Another Smashing Activism Idea: The Bubble Brigade

I have a powerful yet delicate (or possibly just stupid) idea for raising the level of discussion about climate change on the web. It relates to a modern problem: infobubbles, about which I wrote last week.

What’s an infobubble? Why does it matter?
The web is great: it makes me laugh, it makes me cry, it keeps me current on the things cats do. We’re all seduced by it, and we believe that the web gives us unprecedented access to information and it’s making us smarter.

It’s not true. In fact, the web strengthens one of our worst cognitive habits: our unthinking tendency to focus on information confirming what we already believe and to ignore the rest.

Because the web gives us control over information, it makes it easier for us to avoid anything in conflict with our beliefs.  It gives us the power to unwittingly surround ourselves with skewed information to a degree which wasn’t possible before. This cocoon of information I build around myself is my dreaded infobubble.

Even if I know that infobubbles are a problem, I’m not safe. I think I’m smart so I assume that I’m at less risk than all you other yokels. You may have an infobubble, but I don’t.

Alas, thinking that way makes the problem worse. The dilemma is summed up by the old saying: “When one does not see what one does not see, one does not see that one is blind.”

The moment I decide I’m smart is the moment I stop looking for evidence that I’m dumb.

Worse, websites pander to our biases by offering content tailored to certain types of infobubble. Huffington Post panders to one kind of infobubble and the Drudge report to another.

Same goes for climate change. If you believe climate change is a big scary problem, you read Climate Progress. If you think it’s not, you read Watts Up With That.

I think the world would be a better place if we made a concerted attempt to pop our infobubbles.

My Proposal
To organize a group, the Bubble Brigade, who will go out of their way to participate in online discussions amongst those with opposing beliefs, to pop infobubbles. Members will hew to the following commandments:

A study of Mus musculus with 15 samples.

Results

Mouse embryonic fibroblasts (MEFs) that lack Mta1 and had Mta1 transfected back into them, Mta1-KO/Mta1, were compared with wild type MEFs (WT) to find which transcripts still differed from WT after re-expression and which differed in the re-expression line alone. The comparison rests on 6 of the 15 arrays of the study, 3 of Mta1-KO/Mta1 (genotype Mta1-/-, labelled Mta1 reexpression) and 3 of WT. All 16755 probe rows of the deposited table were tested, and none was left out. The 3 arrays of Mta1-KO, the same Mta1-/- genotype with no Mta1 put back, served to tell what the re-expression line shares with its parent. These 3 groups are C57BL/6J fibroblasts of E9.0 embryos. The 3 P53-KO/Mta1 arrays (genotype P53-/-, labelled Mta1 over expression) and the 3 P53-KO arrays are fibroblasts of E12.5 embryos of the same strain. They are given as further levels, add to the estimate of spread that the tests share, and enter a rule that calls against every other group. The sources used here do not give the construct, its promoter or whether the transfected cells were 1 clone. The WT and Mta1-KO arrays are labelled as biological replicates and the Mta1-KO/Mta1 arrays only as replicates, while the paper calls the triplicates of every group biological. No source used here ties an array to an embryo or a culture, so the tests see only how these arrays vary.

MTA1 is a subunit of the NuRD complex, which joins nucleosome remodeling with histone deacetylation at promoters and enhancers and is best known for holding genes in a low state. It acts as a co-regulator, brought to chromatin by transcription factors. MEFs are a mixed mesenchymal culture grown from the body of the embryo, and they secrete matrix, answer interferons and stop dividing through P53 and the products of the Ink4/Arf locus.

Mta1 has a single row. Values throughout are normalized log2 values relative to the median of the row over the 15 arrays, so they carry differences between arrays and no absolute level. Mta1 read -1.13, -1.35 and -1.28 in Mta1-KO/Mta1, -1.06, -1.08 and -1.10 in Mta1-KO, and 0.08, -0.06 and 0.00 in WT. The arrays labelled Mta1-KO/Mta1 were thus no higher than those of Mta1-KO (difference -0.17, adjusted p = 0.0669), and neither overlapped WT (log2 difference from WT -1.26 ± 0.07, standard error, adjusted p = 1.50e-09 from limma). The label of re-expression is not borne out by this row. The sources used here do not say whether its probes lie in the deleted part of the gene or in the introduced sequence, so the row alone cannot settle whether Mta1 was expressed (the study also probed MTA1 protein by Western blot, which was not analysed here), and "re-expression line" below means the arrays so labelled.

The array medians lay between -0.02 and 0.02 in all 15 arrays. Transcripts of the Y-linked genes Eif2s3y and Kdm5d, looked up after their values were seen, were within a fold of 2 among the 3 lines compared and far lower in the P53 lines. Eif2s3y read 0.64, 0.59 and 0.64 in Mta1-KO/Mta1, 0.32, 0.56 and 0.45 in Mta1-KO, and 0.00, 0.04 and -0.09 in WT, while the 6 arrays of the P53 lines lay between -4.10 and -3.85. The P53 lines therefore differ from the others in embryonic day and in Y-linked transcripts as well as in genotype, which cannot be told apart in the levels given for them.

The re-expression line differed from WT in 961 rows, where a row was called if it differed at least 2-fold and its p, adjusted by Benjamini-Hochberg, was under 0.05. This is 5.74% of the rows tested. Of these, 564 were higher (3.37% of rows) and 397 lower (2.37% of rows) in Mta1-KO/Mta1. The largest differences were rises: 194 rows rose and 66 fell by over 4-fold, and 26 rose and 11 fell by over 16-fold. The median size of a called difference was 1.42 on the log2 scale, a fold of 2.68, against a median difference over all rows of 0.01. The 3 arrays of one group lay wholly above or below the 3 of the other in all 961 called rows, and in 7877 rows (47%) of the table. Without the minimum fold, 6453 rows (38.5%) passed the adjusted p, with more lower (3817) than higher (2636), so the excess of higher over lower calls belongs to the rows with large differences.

1. Your main objective will be to ask questions. Clear, deep, illuminating questions, which highlight conflicting information.
  2. You’ll make no attempt to persuade anyone to your way of thinking.
  3. You’ll be unerringly polite, even in the face of terrible trolling and flaming.
  4. You’ll treat all others as equals, even trolls.
  5. You’ll never accuse anyone of being wrong.
  6. You’ll think deeply about what others say before responding.
  7. You’ll be persistent.

The brigade would operate on a schedule and in concert. If several members of the brigade enter a discussion at once, they’ll be able to play off one another and keep the discussion at a high level even in moments of intense flaming.  That’s key.

If you’ve been in online discussions of contentious topics, you know that conforming to the commandments will sometimes call for superhuman restraint. So the brigade should consist of folks who have the right temperament. Gandhi may be required reading, since he was a master of this approach, and had a knack of turning mortal enemies into friends.

Whether you like my proposal will depend on your faith in humanity. Mine flickers on and off, so maybe I’ll dislike it tomorrow. Certainly, my overwhelming sense that my beliefs are right makes me wonder if I could participate. I’ll go with it for now.

-From the Sea

Posted January 15, 2011 in Smashing Ideas | 4 Comments on Another Smashing Activism Idea: The Bubble Brigade


    Well said, although I think this proposal misses the masses in the middle, who are probably not visiting sites on either side of the debate.

    You might like to tap into something that’s already happening. It’s called Politifact and was started by a newspaper in Florida but has since spread to newspapers in other states. It’s newspapers doing what they have historically done but presented in a graphic format. Here’s a link to the original, which won a Pulitzer Prize in 2009: http://politifact.com/

  2. Nick B. says:

    Yep! It misses the “masses in the middle”, by design. The communication challenges are so different between the two groups that I think it best to target one or the other, not both at once. My own linnean heirarchy of climate opinion consists of 5 different groups, each of which benefits from a separate approach, something I’ll discuss (or at least alude to) in my next post.

    Re Politifact: I’d like to see their strategy for getting their findings out in front of the people who most need to see conflicting information; ie people with entrenched opinion. It seems Politifact would need its own Bubble-Brigade-type mechanisms to get to them.

  3. Robert says:

    I like this article. It reinforces my opinion that the internet is a high-gain amplifier of preconceived ideas.

  4. Nick B. says:

    Ha! “High-gain amplifier of preconceived ideas” describes it very well, I think.

This site is about one total amateur’s half-cocked attempts to do something about Climate Change.